During Michigan's dominant run of the rivalry with Ohio State, and college football, during the 1990's, a common connection between all of those Maize and Blue teams were that they had star players and a strong base of their team from the Buckeye State.

Desmond Howard and Charles Woodson, two Heisman winners, are the names people remember most when recalling the dominant period for Michigan in the rivalry, but there have been plenty of other Ohioans who went on to star for UM, including Elvis Grbac, Mario Manningham, Shawn Crable, Prescott Burgess, and a number of others.

Following Lloyd Carr's departure from the program following the 2007 season, recruiting in the Buckeye State took a bit of a drop off under Rich Rodriguez. The Wolverines signed 15 players from Ohio during Rich Rod's tenure, but maybe just 1 or 2 of them, at most, had real opportunities to play for the Scarlet and Gray. While the volume was still there, the ability to come in and take the state's best talent, the same way Bo (Schmbechler), Gary (Moeller), and Lloyd did over the years, just wasn't being shown.

Once Rodriguez departed, things seemed to look like they were turning around under Brady Hoke, when it came to the recruiting trail in the state. Hoke made some big splashes in Ohio, landing Kyle Kalis, Tom Strobel, Chris Wormley, De'Veon Smith, Ben Gedeon, Dymonte Thomas, and Michael Ferns, all of whom had committable offers from the Buckeyes. He also was able to secure commitments from 13 other Ohioans during the four cycles he recruited in Ann Arbor, including pulling some over on OSU when it came to evaluations, as Joe Bolden, Taco Charlton, and Jake Butt, among a few others, went on to star for the program, despite not being offered by the home state school. Hoke's biggest problem was player development, rather than recruitment, and is a big reason why he was replaced by Jim Harbaugh, ahead of the 2015 season.


When Harbaugh arrived at Michigan, he took a national approach to recruiting, utilizing his ties developed on the west coast while at Stanford. While he spoke about the importance of recruiting Ohio, the results just haven't been there, as he signed two players from the state in 2015, none in 2016, three in 2017, and none in 2018.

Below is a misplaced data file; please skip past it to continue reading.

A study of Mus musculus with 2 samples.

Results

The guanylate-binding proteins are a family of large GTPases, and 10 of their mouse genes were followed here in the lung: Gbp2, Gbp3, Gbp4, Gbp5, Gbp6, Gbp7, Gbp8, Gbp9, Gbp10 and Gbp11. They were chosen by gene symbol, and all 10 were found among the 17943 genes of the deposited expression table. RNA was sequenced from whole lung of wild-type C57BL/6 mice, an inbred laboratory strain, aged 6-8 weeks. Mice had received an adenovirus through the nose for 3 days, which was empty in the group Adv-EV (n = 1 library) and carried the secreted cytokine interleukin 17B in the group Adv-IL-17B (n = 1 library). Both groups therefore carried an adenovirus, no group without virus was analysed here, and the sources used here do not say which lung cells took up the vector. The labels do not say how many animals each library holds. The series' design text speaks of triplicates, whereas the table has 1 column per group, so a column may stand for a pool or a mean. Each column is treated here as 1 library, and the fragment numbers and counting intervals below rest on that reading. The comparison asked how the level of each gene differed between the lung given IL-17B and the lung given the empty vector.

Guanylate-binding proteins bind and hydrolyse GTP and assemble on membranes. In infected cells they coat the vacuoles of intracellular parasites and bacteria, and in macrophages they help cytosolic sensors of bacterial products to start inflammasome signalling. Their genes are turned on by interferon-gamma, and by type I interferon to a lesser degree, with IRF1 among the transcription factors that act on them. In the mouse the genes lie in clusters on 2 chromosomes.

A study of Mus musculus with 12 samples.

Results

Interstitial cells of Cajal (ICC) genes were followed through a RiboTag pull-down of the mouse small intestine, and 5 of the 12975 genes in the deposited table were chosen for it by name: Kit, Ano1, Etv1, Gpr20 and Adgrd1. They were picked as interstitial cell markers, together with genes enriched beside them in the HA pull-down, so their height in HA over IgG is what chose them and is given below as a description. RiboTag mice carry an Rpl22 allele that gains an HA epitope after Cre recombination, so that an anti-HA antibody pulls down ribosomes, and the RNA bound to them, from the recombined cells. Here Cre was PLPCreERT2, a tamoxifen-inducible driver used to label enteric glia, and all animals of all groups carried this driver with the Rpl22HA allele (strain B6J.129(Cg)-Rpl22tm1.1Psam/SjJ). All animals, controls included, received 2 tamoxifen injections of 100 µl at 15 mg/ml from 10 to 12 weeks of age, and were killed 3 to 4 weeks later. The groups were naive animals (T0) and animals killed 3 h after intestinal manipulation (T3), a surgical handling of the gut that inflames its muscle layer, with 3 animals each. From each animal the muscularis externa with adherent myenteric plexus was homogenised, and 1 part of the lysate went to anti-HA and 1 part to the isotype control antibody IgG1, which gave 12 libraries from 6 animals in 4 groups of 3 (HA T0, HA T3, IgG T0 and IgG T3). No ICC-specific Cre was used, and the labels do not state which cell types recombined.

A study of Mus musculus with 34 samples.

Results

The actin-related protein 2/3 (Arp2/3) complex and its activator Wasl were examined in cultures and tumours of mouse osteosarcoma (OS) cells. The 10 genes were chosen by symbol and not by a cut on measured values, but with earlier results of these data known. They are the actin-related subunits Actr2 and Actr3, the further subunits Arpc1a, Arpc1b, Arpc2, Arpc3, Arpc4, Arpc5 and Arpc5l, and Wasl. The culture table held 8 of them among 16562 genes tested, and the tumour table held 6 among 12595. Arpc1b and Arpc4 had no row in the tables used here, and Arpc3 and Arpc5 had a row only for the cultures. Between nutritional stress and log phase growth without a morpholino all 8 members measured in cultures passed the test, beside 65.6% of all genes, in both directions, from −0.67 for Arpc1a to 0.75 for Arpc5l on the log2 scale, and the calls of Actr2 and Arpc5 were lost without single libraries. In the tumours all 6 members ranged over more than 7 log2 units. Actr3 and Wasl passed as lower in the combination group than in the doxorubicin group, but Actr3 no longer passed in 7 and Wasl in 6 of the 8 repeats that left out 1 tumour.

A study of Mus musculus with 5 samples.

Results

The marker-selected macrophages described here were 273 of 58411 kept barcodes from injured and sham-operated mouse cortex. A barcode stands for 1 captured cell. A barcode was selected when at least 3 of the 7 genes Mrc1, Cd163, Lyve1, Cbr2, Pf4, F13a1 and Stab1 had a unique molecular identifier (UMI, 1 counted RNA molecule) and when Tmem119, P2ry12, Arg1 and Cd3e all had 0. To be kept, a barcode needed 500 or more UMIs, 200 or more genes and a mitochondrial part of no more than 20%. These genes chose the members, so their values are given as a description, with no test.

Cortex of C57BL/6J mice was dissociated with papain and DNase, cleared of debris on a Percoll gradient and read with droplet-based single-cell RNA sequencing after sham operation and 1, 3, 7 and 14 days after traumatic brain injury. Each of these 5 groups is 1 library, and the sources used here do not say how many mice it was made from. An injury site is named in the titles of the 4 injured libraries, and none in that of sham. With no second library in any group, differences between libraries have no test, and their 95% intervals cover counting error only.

The Wolverines do have three verbal pledges from the Buckeye State in their 2019 class, though, and in listening to his "Attack Each Day" podcast, it seems Harbaugh wants to continue efforts to go across enemy lines to land top talent.

"A good percentage of our players from the state of Ohio actually start," Harbaugh said, talking about the program's efforts in Ohio and Pennsylvania. "Three out of four start from the state of Pennsylvania. So we do look at that percentage and know we have to recruit heavier in Ohio and Pennsylvania."

"It's a conscious effort that coach and I have talked about, of getting back into Ohio and Pennsylvania," Matt Dudek, Michigan's director of recruiting, added, noting the staff has spent as much time as allowed during the evaluation period visiting schools across the Buckeye State, and that they also will be co-hosting a camp in Cleveland.

Outside of words, Harbaugh has taken action to make sure the Wolverines are keeping the pipeline from the south running. Mike Zordich, with ties in the Youngstown area, was already on staff, but the UM head coach also added Ed Warinner, a former Ohio State assistant from 2012-2016, and Al Washington, who coached at Cincinnati most recently, to the fold this off-season.

All of the moves the Maize and Blue have made seem to be paying off, with three pledges in the fold thus far from Ohio in 2019, at least two more possibly on the way this cycle, and a number of the state's top 2020 prospects already looking hard at the program.

Rumler was the first Ohioan to commit to UM this cycle (Photo: 247Sports)

But are the Wolverines really a threat to Ohio State inside state borders?

Out of the three players Michigan has committed from the state this cycle, two of them, OL Zach Carpenter and DE Gabe Newburg, didn't hold scholarships from the Buckeyes. The other, Nolan Rumler, has been a lifelong Wolverine fan, who was a long shot for OSU from the start.

Looking at other 2019 prospects who could end up heading north, LB/S Joey Velazquez, CB Nyles Beverly, DT Rodas Johnson, and TE Erick All don't hold Ohio State scholarships right now. The only prospect with an offer who would be a massive blow to the Bucks if lost, would be DE Zach Harrison, but right now it appears Penn State is the biggest threat to Urban Meyer and his staff.

And it's very early for 2020, but it would definitely be a surprise if top talents like Paris Johnson Jr., DeaMonte Trayanum, Darrion Henry, Michael Drennen II, and Jaheim Thomas picked UM over OSU, if given the opportunity to play for both programs.

The answer to the question above at this time is no, Michigan doesn't appear to be a threat to OSU's in-state recruiting efforts right now. But, with increased resources going towards the cause, a staff that has ties across Ohio, and turning around the results on the field, it's something that certainly could change quickly, especially if the Buckeyes take their stranglehold on local stars for granted.